1. #1

    Phoronix: AMD Releases New Radeon Code: A-Sync DMA Engines

    A second update to the Radeon DRM driver has been released that will be pulled into the Linux 3.8 kernel. This second Direct Render Manager update for the Radeon kernel driver provides new code from AMD that was kept internally for months but is now permitted for open-sourcing...

    http://www.phoronix.com/vr.php?view=MTI0ODE

  2. #2

  3. #3
    Pardon my ignorance, but what does this do exactly? Still, it is good stuff in any event.
    A quick guess would be that they allow asynchronous DMA transfers.

    The specific consequence of which would be that a memory transfer to/from the GPU can be initiated without the driver needing to wait for it to complete, allowing reduced per-transfer latency and overall improved transfer bandwidth. That in turn should reduce draw call overhead, buffer update overhead, and texture upload overload, and hence improve performance for certain applications. For example, given the "GL is faster than D3D" benchmarks from Valve one can presume that their renderer is draw call bound, and hence this could offer a nice performance boost for Source games.

    All a quick guess, of course.

    A quick guess would be that they allow asynchronous DMA transfers.

    The specific consequence of which would be that a memory transfer to/from the GPU can be initiated without the driver needing to wait for it to complete, allowing reduced per-transfer latency and overall improved transfer bandwidth. That in turn should reduce draw call overhead, buffer update overhead, and texture upload overload, and hence improve performance for certain applications. For example, given the "GL is faster than D3D" benchmarks from Valve one can presume that their renderer is draw call bound, and hence this could offer a nice performance boost for Source games.

    All a quick guess, of course.
    Yeah. I also would like to know what this "a" stands for. Thought that DMA is as "a" as you can get :P Or maybe its not about CPU/GPU chitchat but CPU DMA module to GPU DMA module talk?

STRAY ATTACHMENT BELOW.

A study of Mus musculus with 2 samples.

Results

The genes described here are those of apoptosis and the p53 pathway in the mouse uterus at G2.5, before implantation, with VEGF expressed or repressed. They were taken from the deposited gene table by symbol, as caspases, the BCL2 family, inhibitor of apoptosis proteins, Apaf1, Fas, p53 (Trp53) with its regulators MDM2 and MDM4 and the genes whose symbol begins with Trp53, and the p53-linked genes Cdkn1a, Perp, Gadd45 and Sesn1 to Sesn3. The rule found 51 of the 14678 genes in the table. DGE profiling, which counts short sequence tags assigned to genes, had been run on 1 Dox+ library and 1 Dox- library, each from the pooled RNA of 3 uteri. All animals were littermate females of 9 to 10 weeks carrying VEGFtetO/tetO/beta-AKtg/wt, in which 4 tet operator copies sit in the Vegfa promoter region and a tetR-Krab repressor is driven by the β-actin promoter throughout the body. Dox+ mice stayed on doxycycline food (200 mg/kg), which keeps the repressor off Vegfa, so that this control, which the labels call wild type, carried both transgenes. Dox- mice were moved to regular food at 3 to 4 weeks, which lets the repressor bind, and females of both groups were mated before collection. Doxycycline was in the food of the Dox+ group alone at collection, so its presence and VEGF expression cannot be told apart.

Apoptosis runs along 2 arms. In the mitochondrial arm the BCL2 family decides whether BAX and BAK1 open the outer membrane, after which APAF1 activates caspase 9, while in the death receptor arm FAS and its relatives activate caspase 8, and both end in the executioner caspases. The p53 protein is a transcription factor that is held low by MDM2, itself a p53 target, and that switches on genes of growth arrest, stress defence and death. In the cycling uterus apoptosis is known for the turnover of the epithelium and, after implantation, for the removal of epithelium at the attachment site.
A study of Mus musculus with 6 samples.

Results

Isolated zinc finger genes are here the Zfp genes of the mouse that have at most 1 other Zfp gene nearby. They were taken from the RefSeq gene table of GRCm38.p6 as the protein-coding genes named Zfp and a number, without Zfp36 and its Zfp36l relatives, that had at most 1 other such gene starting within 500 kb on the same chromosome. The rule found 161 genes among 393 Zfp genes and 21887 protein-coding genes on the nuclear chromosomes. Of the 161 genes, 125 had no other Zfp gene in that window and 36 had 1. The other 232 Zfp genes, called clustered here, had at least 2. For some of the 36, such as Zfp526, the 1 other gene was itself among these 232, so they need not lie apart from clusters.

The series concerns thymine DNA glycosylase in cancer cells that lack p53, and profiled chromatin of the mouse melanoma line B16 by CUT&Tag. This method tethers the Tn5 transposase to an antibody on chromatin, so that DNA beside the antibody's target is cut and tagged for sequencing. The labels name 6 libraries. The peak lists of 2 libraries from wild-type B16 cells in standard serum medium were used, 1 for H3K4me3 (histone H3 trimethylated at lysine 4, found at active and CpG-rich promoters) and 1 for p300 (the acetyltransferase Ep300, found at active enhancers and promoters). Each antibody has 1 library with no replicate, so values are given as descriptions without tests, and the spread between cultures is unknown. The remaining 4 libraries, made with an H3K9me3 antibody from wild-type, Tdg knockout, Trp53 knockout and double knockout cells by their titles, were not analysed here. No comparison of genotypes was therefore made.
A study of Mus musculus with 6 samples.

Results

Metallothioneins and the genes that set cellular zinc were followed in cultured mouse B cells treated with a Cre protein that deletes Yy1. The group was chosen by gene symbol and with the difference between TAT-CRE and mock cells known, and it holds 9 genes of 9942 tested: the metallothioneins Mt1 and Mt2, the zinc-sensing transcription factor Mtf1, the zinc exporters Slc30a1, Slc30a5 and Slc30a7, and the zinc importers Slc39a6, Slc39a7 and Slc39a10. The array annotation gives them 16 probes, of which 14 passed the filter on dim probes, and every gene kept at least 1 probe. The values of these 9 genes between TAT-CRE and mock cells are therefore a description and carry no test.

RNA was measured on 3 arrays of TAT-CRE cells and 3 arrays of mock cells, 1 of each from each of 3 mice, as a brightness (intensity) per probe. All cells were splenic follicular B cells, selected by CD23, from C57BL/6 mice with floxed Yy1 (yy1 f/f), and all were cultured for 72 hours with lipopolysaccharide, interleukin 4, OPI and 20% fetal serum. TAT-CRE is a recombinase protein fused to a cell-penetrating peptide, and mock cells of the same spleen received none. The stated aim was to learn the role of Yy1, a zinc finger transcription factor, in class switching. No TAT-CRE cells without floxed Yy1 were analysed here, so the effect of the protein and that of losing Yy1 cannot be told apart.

5. #5
    Yeah. I also would like to know what this "a" stands for. Thought that DMA is as "a" as you can get :P Or maybe its not about CPU/GPU chitchat but CPU DMA module to GPU DMA module talk?
    Looking at the code the a stands for Asynchronous.

    Or in other words: they have a DMA hardware engine on the GPU. This engine can transfer memory in parallel to other stuff happening. Hence they call is asynchronous. Logical, right? ;-)


  7. #7
    Return to home and apply this pach for 3.7 ^_^ need testing OilRush fps.

  8. #8
    Does this alone have any performance impact? I recall Marek saying here ttm still does a sync after each transfer.
    It should have a very noticeable impact when buffer objects are moved and when VM mappings are changed.
    Especially the former case should have a rather big impact: the buffer move is performed by hardware, which is very fast at it. And if the buffer memory is not in coherent (cacheable) memory then the move is even faster.

  9. #9

    Additional to that it is quite a bit more efficient than the shader engine when you just want to copy some data from A to B, or just clear a specific region of memory (memcpy/memset).

    So using it should result in some very nice performance improvements for certain use cases, but what Alex has released is just kernel part of the implementation, and even that is missing the CS checker. It will probably just take some more time till mesa really picks that up.

    Cheers,
    Christian.

  10. #10

    Quote Originally Posted by Deathsimple View Post
    So using it should result in some very nice performance improvements for certain use cases, but what Alex has released is just kernel part of the implementation, and even that is missing the CS checker. It will probably just take some more time till mesa really picks that up.
    This code is applicable to R600+ hardware! It's nice to see improvements being made for a very broad range of existing cards, rather than just the most recent generation or two.

    I wonder if there are any more such features waiting to be unlocked? (Apart from the UVD of course - we already know about that).